Communications to AFSCME-Represented Employees Re: March 20, 2019 Strike


Your union is once again asking you to strike on March 20th. Below is some important information about your right to work during a strike, and what you can do if you feel threatened, harassed and/or intimidated by union representatives about coming to work during a strike.

It’s Your Right to Decide to Not Strike and Come to Work

No employee is ever obligated to strike. Unions are legally prohibited from threatening or coercing members in other ways to keep them from coming to work. Pickets are lawful so long as they are peaceful, conducted only on public property (i.e., sidewalks), do not block access to facilities, do not interfere with the normal course of business, and do not prohibit non-striking employees from working.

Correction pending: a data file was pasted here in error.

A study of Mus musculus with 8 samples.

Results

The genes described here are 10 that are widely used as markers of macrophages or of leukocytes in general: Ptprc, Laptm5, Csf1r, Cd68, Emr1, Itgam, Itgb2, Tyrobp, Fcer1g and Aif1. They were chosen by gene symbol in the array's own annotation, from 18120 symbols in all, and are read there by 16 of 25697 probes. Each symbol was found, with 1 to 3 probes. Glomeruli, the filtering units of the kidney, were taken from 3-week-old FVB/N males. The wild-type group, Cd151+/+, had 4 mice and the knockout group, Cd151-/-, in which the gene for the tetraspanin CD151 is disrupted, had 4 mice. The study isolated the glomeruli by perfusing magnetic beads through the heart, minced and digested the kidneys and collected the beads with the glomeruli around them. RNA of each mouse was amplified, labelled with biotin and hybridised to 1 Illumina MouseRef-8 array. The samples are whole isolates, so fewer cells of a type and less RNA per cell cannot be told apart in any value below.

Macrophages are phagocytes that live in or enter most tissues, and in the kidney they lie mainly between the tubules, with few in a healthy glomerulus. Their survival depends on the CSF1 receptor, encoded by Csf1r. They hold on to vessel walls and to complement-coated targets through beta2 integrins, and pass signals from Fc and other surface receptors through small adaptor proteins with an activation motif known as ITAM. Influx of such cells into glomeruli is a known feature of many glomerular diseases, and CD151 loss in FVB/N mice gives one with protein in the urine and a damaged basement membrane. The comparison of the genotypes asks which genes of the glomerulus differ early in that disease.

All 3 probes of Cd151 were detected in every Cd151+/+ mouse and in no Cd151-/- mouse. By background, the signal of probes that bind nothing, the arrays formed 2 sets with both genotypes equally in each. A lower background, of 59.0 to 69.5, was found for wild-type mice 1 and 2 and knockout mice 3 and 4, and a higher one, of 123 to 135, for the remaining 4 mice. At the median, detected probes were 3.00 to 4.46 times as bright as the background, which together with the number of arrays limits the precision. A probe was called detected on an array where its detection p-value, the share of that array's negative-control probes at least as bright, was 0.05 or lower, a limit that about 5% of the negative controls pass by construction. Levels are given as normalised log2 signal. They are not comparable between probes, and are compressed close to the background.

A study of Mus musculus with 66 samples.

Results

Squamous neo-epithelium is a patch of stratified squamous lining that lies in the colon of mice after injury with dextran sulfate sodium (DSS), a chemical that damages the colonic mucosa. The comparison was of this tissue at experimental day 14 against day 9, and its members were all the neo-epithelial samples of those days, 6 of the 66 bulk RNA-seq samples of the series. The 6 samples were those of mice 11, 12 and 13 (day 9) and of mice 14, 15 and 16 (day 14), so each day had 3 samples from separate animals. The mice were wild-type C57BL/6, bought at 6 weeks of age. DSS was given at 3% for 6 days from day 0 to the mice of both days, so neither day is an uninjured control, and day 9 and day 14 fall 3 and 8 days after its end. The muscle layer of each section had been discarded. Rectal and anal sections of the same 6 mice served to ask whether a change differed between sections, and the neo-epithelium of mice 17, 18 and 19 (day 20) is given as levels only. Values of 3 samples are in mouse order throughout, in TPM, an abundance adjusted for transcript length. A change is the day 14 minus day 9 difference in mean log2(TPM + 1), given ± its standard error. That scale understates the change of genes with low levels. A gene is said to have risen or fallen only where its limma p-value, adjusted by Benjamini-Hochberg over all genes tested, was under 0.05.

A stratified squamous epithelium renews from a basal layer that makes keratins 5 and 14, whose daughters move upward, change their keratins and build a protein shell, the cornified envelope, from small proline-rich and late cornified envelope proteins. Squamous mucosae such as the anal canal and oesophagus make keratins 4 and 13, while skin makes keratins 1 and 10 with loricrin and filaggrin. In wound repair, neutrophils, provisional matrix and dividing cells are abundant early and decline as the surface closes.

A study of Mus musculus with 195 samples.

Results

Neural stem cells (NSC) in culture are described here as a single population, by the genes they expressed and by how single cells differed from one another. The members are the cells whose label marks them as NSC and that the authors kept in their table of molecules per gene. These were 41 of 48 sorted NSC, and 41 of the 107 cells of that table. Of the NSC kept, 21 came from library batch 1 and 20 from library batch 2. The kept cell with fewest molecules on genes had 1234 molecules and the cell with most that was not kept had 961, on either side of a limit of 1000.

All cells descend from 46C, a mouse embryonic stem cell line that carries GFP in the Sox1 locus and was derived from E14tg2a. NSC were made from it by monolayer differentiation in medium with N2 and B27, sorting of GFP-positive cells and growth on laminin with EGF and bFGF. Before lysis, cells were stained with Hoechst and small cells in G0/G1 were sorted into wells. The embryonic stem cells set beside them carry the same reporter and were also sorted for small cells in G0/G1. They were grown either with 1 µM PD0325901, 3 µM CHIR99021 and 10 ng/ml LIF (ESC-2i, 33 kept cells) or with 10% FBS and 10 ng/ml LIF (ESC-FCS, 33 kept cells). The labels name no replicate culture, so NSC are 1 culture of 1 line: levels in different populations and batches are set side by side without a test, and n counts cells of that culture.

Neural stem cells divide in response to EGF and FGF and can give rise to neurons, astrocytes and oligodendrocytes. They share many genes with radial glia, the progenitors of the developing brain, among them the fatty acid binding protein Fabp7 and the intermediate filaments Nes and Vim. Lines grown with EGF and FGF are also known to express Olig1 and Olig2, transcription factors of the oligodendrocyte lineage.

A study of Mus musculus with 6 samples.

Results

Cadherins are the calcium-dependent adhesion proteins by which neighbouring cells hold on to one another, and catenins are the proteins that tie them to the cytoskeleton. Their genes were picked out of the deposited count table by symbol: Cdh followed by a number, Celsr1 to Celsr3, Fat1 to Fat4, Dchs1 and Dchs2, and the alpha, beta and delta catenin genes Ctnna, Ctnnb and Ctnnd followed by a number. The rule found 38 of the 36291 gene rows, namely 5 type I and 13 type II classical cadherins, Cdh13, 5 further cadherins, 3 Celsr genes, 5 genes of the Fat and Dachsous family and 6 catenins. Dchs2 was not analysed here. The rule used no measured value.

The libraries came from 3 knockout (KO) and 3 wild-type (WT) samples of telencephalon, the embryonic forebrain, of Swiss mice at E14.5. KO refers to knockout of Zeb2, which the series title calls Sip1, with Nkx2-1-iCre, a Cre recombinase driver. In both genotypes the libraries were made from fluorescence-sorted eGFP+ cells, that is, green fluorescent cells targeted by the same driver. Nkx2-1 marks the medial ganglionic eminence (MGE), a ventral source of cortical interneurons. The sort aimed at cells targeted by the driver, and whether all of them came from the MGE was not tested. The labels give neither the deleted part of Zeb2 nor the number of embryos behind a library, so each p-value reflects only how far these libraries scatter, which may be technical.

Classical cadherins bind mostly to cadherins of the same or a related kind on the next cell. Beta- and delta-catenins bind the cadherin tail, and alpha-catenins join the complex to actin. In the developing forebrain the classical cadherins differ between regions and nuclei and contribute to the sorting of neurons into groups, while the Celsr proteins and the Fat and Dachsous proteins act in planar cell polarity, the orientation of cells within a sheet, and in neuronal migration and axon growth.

UC will assist employees who want to work by providing security or transportation across picket lines. Non-striking employees should avoid confrontations or exchanges with striking/picketing colleagues that might inflame the situation.

If you want to come to work during the strike and are being prevented from doing so, please immediately notify your supervisor or another UC administrator, or your campus labor relations office.

Report Incidents Immediately

If you feel you are being threatened, harassed, intimidated about crossing the picket line, or are prevented from working by picketers or striking employees, please immediately notify your supervisor or another UC administrator, or your campus labor relations office.

UC Will Not Facilitate Union Fines

Some unions have the right to fine members, but not non-members, who choose to work during a strike, including a sympathy strike. If you don’t want to strike, you may want to contact your local union representative to confirm there will not be fines. Even if the union does levy fines, UC will not deduct union fines from employees’ paychecks.